According to the Idaho Department of Fish and Game (IDFG), gray wolf populations in the Gem State are holding steady—even after a slew of regulation changes significantly expanded methods and seasons for hunting the animals. “What I do know is that human-caused mortality and natural-caused mortality is very similar to what it was [during] previous years,” Idaho Department of Fish and Game Director Ed Schriever told lawmakers in an October 6 meeting.

“I think the best way to describe Idaho’s population right now is that it’s fairly stable,” Schriever said. “[It] is fluctuating around 1,250.” Idaho officials used artificial intelligence to analyze more than 20 million images taken by 800 game cameras placed around the state to come up with the population estimate. 

In 2021 Idaho lawmakers passed a new law that expanded wolf harvesting methods to include trapping and snaring on a single tag. The agency also sanctioned the use of night-vision equipment without a permit, the use of bait and dogs, hunting from motor vehicles, and year-round wolf trapping on private property. Additionally, wildlife officials announced that the state would set aside $200,000 in a highly controversial program to offer reimbursement—or bounties—to hunters and trappers who kill wolves in the state.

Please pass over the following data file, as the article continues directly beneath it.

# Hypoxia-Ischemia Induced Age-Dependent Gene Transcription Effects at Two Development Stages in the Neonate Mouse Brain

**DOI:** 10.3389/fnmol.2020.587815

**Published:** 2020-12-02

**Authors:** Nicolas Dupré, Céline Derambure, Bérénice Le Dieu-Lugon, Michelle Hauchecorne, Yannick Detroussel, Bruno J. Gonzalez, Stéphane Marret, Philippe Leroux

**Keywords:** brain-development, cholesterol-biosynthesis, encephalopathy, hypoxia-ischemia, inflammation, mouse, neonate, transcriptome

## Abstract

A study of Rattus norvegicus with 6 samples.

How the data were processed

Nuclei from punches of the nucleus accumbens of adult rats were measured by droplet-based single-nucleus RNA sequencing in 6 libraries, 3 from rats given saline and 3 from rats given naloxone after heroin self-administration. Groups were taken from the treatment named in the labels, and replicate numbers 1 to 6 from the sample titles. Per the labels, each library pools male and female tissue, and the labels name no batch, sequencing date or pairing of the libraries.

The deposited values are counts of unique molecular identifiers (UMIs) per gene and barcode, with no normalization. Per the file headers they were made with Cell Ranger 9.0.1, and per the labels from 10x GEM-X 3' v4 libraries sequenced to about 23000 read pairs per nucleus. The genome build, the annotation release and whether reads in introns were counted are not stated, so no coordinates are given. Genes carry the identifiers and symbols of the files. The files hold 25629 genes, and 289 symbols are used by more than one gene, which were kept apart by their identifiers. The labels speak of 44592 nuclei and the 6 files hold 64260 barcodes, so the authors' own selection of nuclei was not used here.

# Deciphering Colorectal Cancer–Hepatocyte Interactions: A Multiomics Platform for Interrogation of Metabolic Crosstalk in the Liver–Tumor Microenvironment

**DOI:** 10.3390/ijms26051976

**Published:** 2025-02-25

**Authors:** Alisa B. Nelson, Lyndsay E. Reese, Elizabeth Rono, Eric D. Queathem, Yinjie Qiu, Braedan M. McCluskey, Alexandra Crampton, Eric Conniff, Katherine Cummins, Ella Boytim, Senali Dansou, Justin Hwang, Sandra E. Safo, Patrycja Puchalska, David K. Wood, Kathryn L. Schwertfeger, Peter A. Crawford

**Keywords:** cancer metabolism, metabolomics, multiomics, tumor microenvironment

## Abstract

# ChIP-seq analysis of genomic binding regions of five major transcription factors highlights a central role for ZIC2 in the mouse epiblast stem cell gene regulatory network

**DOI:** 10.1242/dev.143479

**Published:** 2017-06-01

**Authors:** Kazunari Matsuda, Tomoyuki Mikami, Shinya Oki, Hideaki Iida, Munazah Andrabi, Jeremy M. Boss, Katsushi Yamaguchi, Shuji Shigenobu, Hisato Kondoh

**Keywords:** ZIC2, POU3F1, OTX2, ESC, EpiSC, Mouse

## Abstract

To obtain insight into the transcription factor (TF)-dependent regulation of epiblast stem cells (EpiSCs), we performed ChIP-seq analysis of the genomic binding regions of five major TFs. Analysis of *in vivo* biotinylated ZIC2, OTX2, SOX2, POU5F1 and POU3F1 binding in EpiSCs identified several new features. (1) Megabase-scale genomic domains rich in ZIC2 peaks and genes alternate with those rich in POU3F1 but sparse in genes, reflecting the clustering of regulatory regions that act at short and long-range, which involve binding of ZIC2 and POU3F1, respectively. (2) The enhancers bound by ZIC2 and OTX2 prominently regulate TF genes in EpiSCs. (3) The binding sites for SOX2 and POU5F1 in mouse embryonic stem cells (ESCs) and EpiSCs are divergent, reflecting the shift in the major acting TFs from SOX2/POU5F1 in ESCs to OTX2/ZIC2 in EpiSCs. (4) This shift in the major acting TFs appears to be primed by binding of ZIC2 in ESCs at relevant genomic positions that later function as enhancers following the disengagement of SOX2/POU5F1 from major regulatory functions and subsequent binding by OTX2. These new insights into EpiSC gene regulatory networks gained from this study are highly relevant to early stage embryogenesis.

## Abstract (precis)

Opponents say the new policies could nearly exterminate wolves in Idaho and reduce the population by as much as 90 percent. The regulation changes prompted the Department of the Interior to kick off a review of whether to return wolves in the Northern Rockies to the Endangered Species Act.

In 2009, when the U.S. Fish and Wildlife Service removed the gray wolf from the endangered species list in Idaho, it established a population objective of around 500 wolves in the state. Currently, the state’s population is more than double the objective. “I think there are a whole bunch of us that would be happy if we could get to what’s described in the federal delisting rule as a population fluctuating around 500,” Schriever said.